How Much Does PMI Cost and How Do I Pay It?

Paying Private Mortgage Insurance

If you’re thinking of taking out a conventional mortgage, but don’t have a 20% down payment, there’s good news for you: you can get a mortgage with less than 20% down.

It’s important to know, though, that private mortgage insurance (PMI) is often a requirement for homebuyers who are paying less than 20% down on a conventional loan.

For many people, the cost of PMI is worth the benefits of owning a home. Understanding the costs associated with PMI will help homebuyers be prepared for their upcoming mortgage expenses.

So, how much does PMI cost? Fees vary, depending on the down payment amount and the homebuyer’s credit score. If you have a 15% down payment and an excellent credit score, for instance, your PMI costs will most likely be less than a homebuyer who has only a 5% down payment and an average credit score.

Typically, PMI fees range from 0.3 to 1.5% of the original loan amount, per year. So, for example, if you take out a $300,000 mortgage, your PMI costs may range from $900 to $4,500 per year (or roughly $75 to $375 per month). Most PMI is paid monthly by the borrower, but there are other options.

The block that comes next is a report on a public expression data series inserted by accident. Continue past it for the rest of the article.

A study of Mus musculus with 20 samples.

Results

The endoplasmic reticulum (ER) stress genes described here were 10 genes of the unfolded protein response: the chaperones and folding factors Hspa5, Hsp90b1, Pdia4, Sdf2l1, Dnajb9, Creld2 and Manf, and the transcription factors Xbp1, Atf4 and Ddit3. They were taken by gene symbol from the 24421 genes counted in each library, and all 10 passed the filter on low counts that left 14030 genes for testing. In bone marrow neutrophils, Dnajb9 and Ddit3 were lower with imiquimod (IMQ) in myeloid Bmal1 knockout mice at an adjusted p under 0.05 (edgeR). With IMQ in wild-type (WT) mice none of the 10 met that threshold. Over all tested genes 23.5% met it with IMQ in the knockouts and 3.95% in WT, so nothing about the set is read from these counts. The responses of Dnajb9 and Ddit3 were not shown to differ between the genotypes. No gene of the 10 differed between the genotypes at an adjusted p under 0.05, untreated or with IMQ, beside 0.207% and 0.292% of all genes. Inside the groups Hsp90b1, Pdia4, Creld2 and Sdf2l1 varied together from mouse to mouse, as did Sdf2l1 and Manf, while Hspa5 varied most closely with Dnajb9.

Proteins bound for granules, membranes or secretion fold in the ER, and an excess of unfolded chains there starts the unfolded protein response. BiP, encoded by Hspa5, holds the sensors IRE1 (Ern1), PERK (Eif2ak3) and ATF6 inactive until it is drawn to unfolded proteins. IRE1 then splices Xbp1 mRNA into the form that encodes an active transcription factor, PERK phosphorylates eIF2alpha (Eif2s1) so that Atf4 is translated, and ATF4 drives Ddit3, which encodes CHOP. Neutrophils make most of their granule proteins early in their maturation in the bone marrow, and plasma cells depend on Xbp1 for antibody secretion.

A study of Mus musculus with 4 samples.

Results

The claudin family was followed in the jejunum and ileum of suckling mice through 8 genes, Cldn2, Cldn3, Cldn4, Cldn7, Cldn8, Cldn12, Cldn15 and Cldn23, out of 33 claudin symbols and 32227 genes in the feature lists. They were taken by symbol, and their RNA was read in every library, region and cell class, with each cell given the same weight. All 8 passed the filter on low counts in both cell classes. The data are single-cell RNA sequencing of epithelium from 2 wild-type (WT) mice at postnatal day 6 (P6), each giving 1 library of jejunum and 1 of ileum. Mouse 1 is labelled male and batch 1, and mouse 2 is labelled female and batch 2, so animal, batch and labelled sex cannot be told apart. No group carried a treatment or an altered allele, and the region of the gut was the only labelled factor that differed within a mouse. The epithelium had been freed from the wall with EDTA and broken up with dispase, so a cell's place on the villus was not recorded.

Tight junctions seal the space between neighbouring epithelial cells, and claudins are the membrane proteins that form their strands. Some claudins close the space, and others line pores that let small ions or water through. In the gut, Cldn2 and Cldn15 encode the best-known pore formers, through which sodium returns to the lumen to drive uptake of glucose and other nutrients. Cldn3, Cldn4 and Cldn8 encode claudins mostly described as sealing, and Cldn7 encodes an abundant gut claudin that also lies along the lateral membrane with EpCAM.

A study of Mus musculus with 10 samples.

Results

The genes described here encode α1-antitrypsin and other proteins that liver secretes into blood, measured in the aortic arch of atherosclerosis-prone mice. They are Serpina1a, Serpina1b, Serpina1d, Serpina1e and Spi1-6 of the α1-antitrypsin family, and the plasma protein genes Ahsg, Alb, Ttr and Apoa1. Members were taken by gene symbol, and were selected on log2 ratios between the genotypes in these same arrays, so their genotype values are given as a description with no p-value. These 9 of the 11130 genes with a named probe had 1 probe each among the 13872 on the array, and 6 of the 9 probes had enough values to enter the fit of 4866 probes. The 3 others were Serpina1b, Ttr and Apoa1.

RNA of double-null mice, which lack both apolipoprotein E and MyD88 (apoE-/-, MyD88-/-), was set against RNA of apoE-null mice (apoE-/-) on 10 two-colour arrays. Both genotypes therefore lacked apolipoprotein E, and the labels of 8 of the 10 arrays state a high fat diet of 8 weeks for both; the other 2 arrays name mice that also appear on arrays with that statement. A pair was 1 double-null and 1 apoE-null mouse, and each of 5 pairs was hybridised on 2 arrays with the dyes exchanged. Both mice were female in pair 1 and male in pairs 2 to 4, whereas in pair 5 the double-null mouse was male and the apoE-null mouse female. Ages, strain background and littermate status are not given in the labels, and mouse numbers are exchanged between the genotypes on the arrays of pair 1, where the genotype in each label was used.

You may be thinking, “Why would I want to pay that?”

Because interest rates are low, historically speaking, it may be financially beneficial to obtain a mortgage now, while you can lock in a lower rate. Even with the additional cost of PMI each month, this could still be more affordable than waiting several years to save for a 20% down payment and ending up with a higher mortgage interest rate.

As far as the actual act of paying for your PMI, you won’t have to worry about doing any of the work. In most cases, you will pay for PMI as part of your total loan payment, which also includes the mortgage principal, interest, and taxes. Your lender will take care of getting the money to the private mortgage insurer.

At the end of the day, it’s all about weighing the pros and cons of PMI. Speaking with an experienced loan professional will help you learn more about your options. Regardless of your decision, it’s never too early to begin planning for homeownership.